Fort Worth’s Blind Alley Projects Launches April 11 With “Liminal Space” Exhibition Series

by Christopher Blay April 10, 2020

Blind Alley Projects, Fort Worth.

Tomorrow, April 11, a series of exhibitions by four Texas Christian University (TCU) graduating MFA students titled Liminal Space will launch at the new Fort Worth art space called Blind Alley Projects. Blind Alley is a small, multi-purpose, vitrine-like structure conceived of and built by (married) artists and educators Terri Thornton and Cameron Schoepp.

Francisco Josué Alvarado Araujo, Dario S. Bucheli, Sierra Forester, and Hector A. Ramirez will each have an 11-day limited run to respond to the space with independent exhibitions addressing their graduate thesis shows at TCU that were scheduled but postponed or canceled due to the COVID-19 pandemic.

The 8 X 10 ft stone structure has a glass front wall and a short-grass, shallow-soil prairie roof, with tile that responds to the West Fort Worth Walnut Glade. It faces West 4th Street, and accommodates drive-by and street viewing only — which, considering social distancing recommendations right now, makes for extremely good timing for the space’s debut.

Liminal Space begins tomorrow, and a list of the four exhibitions over the next six weeks follows (via Blind Alley):

Blind-Alley-Project-Presents-Liminal-Spaces-(dragged) 2-1

Francisco Josué Alvarado Araujo, mah cualli ohtli.

Liminal Space: Francisco Josué Alvarado Araujo, mah cualli ohtli

April 11 – April 22

Francisco Josué Alvarado Araujo’s mah cualli ohtli is an installation of found objects that address the fragility of a system made of connections, contact, and touch. The work lies in the chain of intuitive gestures that trace a search for balance, guided by the materiality of the object, physical forces, and something other which is not seen.

Liminal Space: Dario S. Bucheli, Out of Reach

April 25 – May 6

Dario S. Bucheli’s Out of Reach is an exhibition featuring paintings from the artist’s most recent body of work. They are paintings of pictures of paintings — as they were found on the internet. In light of the numerous gallery and museum closures around the country (as a response to the COVID-19 outbreak), the work invites the viewer to consider the differences between experiencing paintings in person and through digitally mediated photographic documentation.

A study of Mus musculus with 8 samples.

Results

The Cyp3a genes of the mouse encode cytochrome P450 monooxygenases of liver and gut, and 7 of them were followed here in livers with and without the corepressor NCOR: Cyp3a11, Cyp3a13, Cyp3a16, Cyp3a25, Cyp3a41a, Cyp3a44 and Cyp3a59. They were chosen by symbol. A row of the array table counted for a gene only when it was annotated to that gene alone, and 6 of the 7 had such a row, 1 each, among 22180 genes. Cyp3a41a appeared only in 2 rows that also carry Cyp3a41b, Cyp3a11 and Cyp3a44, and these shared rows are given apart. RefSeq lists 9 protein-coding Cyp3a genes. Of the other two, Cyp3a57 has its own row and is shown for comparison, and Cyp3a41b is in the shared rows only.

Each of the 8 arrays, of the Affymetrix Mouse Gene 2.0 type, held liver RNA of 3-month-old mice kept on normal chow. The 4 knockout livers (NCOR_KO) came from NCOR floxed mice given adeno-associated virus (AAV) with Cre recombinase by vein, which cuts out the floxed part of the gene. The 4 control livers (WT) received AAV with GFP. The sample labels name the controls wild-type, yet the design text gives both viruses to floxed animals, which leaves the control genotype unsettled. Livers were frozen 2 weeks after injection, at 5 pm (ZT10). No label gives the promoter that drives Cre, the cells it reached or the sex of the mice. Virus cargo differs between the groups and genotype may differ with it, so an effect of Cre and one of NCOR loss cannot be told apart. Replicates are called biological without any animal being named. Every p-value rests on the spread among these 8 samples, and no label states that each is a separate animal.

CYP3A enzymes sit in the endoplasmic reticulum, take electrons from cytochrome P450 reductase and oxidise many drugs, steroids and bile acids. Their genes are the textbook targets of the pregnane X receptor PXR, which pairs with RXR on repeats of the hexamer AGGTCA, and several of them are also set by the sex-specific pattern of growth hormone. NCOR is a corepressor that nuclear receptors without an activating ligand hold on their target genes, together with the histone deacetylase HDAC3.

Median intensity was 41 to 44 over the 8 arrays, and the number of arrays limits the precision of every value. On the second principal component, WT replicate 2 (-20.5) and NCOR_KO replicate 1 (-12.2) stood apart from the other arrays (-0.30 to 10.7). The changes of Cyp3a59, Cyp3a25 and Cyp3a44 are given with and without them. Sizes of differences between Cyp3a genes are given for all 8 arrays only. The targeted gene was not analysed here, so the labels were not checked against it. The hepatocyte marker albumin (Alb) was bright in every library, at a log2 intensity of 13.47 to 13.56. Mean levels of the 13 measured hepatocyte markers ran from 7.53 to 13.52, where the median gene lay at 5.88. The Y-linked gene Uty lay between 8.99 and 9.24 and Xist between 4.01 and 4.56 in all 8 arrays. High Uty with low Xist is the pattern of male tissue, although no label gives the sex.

Liminal Space: Sierra Forester, A Mass Well Dispersed is the Hardest to Confront

May 9 – May 20

Sierra Forester’s A Mass Well Dispersed is the Hardest to Confront is represented here by the following artist statement:

water is body

winds are thoughts

they carry the debris of our living 

into pockets of the earth. 

 an elixir of life is formed.

one that forces us to confront ourselves.

Liminal Space: Hector A. Ramirez, ENTRE PIEDRAS Y COPIA

May 23 – June 3

Hector A. Ramirez’s ENTRE PIEDRAS Y COPIA is represented here with the following statement by the artist:

Entre Piedras y Copia is a memory of a place where I grew up. The exhibitionis rooted in the vernacular of a Mexican American working class. Its sculptures explore the aesthetic and material adaptations worked through cultures, necessity or language.

Blind Alley Projects is located at 3317 West 4th street, Fort Worth, 76107. Hours of operation are listed as: day light*.

*A statement from Blind Alley reads: “Please note that during the Covid-19 pandemic there should be only individual viewing at the gallery window or from the safety of one’s vehicle, as the gallery contents are visible from the street. No gatherings are allowed. Thank you for complying, to assure the safety of all.”


Blind Alley projects is a multi-purpose, small, vitrine-like structure conceived by artists Terri Thornton and Cam Schoepp, and designed in collaboration with Mark and Peter Anderson of Anderson Anderson Architecture, for the purpose of exhibiting single works or installations that respond to the conditions and context of the gallery. It is intended to address a need for discourse, gathering sites and unique alternative exhibition spaces for the DFW art community in addition to reaching a broader audience through its placement and availability within a residential area on the edge of Fort Worth’s cultural district.